Atheist Centre 1940-1990 Golden Jubilee
International Conference Souvenir
Vijayawada, February 3, 4, and 5, 1990
[OCR, HTML, editing, by Cliff Walker]

Positive Thinking
Dr. K. V. Desikan
Leprologist, Sevagram

My first meeting with Gora was in 1952. Earlier to that, I had my strong views against superstition, against rituals and against formal worship. I did not accept the idea of a "personal god" which many religions preach. To theosophy I was indifferent. All my thinking and attitude was in protest against the beliefs and practices which I considered untrue or incorrect. I considered myself to be un-conventional and to be an atheist.

It was Gora who made me realize that my views and opinions were all negative. They were against the wrong traditions and wrong practices. The question is that if these are wrong, what is correct? That is a very difficult aspect to understand or practice. Gora had the courage to think, preach and practise positively.

To rebel is easy -- that is what even an angry Naxalite or an impulsive terrorist does. What should be done after the rebellion is not an easy task. We tend to take an easy path. Anything moves in the direction of least resistance. Let it be water, air, a herd of animals or any mechanical gadget. Similarly, man tends to take a path trodden by generations before him, guided by tradition, accepted by society and offering the least hindrance, interference or repercussion. This is a path of convenience, not necessarily the correct, just or rational path.

Most of the people are believers because it is convenient to be so. A true atheist goes off the beaten track. He does not necessarily choose a counter current when the current is proper; he does not necessarily break a tradition if the tradition is reasonable; he does not disrespect any prevalent concept or practice as long as it is rational and worthy of respect. An atheist has, therefore, to go deeply into every aspect of life, understand every social habit and custom, keep his mind open but firmly oppose what is irrational, unjust or injurious to society. The object of an atheist is not merely to defy any religious or social custom, but to decipher its true value or otherwise, and offer an alternative method.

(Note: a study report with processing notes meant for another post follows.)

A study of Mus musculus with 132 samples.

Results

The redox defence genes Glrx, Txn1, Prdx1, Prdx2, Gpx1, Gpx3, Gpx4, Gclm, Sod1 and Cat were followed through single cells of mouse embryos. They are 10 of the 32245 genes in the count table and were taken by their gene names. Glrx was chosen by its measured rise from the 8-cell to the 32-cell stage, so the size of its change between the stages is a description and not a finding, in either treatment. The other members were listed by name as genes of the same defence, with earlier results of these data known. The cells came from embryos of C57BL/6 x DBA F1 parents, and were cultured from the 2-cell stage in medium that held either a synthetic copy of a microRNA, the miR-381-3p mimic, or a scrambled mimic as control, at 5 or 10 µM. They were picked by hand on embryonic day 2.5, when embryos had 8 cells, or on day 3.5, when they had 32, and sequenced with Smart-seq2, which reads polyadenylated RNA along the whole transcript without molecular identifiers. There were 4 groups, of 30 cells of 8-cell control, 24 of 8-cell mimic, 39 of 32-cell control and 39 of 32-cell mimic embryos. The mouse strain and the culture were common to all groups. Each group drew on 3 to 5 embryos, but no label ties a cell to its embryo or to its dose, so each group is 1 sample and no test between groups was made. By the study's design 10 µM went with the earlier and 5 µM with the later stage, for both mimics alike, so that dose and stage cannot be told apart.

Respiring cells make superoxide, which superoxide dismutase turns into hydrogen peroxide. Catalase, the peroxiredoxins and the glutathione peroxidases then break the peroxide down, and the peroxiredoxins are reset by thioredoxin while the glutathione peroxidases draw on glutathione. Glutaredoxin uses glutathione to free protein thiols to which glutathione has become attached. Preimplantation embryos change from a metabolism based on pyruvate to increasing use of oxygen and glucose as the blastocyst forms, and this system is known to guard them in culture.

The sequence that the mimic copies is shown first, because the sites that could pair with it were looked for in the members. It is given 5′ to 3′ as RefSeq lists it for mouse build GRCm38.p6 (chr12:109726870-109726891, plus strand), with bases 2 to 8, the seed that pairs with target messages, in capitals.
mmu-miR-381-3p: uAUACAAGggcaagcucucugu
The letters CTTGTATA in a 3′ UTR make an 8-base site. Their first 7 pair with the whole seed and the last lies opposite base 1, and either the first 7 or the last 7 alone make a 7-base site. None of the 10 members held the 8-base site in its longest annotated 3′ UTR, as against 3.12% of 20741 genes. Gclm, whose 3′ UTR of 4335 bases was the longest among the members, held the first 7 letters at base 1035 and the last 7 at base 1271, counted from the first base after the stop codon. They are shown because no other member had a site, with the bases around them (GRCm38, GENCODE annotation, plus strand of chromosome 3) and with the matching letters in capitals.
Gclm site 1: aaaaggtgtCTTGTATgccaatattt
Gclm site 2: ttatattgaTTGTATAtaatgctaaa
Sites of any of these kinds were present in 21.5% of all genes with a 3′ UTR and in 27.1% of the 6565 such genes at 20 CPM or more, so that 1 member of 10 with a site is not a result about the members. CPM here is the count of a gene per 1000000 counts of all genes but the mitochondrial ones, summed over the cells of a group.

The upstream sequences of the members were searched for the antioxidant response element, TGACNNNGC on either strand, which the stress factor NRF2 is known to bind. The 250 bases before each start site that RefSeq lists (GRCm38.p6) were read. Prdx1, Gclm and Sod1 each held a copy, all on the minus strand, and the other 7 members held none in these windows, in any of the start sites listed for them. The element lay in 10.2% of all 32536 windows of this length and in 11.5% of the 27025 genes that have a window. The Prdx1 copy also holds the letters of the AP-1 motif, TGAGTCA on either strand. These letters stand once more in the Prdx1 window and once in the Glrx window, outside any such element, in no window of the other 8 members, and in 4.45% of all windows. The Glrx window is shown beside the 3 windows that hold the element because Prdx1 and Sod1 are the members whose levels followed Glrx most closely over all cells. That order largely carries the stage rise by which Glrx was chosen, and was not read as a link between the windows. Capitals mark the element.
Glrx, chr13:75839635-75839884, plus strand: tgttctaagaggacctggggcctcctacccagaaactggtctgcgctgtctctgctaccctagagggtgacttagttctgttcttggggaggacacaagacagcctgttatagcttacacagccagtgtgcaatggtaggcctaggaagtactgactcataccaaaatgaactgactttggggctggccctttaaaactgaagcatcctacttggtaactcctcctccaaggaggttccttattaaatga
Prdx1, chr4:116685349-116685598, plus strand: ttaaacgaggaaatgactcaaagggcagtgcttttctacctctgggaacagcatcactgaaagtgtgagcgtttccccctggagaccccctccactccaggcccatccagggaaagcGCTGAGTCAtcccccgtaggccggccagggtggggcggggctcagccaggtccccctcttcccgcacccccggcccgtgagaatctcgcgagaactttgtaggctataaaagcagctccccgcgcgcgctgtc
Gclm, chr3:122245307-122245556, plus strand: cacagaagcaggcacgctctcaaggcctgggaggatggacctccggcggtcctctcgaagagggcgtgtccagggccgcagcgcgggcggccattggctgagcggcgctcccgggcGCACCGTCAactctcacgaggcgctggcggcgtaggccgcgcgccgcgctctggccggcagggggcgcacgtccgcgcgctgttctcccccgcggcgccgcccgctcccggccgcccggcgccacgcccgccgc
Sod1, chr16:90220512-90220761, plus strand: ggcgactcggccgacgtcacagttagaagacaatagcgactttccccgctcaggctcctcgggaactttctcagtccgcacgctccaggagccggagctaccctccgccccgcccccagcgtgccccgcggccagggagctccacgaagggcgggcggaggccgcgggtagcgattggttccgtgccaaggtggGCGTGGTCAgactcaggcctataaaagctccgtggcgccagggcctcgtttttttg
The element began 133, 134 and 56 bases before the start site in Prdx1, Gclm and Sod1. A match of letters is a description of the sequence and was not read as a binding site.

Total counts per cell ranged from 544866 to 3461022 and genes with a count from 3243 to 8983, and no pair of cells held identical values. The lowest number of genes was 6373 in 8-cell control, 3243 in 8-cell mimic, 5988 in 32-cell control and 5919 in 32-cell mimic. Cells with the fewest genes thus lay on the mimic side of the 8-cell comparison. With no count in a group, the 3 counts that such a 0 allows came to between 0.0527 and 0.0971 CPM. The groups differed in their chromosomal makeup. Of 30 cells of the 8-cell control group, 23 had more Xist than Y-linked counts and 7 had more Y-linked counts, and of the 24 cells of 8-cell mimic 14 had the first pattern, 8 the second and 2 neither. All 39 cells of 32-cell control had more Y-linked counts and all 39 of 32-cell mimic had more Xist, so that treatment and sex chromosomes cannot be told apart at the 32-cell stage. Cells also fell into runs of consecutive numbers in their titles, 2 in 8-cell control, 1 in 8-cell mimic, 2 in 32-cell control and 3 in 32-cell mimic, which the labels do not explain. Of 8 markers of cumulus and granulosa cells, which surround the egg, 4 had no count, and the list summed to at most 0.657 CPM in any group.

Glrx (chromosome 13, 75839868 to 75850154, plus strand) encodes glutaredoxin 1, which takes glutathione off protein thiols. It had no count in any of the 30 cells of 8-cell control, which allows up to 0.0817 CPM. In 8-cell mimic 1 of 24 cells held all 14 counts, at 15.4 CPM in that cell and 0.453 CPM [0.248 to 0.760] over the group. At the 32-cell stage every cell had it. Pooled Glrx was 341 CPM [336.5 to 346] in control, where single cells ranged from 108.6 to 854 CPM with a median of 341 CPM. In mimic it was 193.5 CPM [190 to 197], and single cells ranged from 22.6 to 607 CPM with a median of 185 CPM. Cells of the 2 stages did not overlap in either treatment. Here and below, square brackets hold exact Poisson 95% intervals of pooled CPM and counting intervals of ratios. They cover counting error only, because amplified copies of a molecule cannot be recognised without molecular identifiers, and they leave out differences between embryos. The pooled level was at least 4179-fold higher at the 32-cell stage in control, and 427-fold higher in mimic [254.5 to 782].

It is a common observation in many families that young men defy certain customs as a show of a bravado. They refuse to observe some religious rituals ordained by their elders. They protest against the rigorous practices of ablutions, fasting, daily prayers and recitations of hymns and scriptures. Brahmin boys discard the sacred thread as a meaningless garb. Have they thought about what they are defying? What is it that they are protesting against? Upanayanam (thread ceremony) imposes a disciplined life, which we do not want to follow. Prayers and worship demand cleanliness, regularity and concentration which we do not like to enforce on ourselves. Therefore, the protest of the youngsters is against discipline, against strict behaviour, against restrictions of any type. The father of such a young man will complain, "Oh! my son has become an atheist". What a distortion of atheism! The same young man, when there is a social function like a marriage or an obsequy, will don the thread, the caste mark and follow all superstitious rituals because he has no courage of conviction to get over superstition or go against society. He is not an atheist, but one who has defied a disciplined life. An atheist has to be disciplined, honest and forthright -- not a lackadaisical person, taking a negative approach. Atheism is not a negative way of life, but a positive, rational approach to life and society.

What has been most impressive to me in Gora's philosophy is this profoundly positive approach. He was not just god-denier, but was capable of telling the society what should be in the place of God. All through his personal and public life there are any number of examples showing how an atheist should conduct himself and how the social reforms are to be introduced. Having removed the concept of God, the atheist takes heavy responsibilities on himself unlike the believer who conveniently palms off all problems to the almighty God. Having realized his responsibility, he should act in the most proper way and with all humility.

Unfortunately the word "atheism" has a negative connotation, but is not really so. Atheism again is not just negating any belief but analysing every belief, accepting it if it is good for the society and totally discarding if it is not so. Such a positive approach would lead to strong convictions -- convictions based on truth, logic and understanding. A man should develop convictions after deep thought and follow them, even, in the face of social ridicule and boycott.

Gora had very strong convictions. They were highly unconventional, but were developed after careful analysis and thought. While practising them, he was honest to the core. He was an open book and had no secrets to hide. This was perhaps the hardest type of life which very few people can live up to.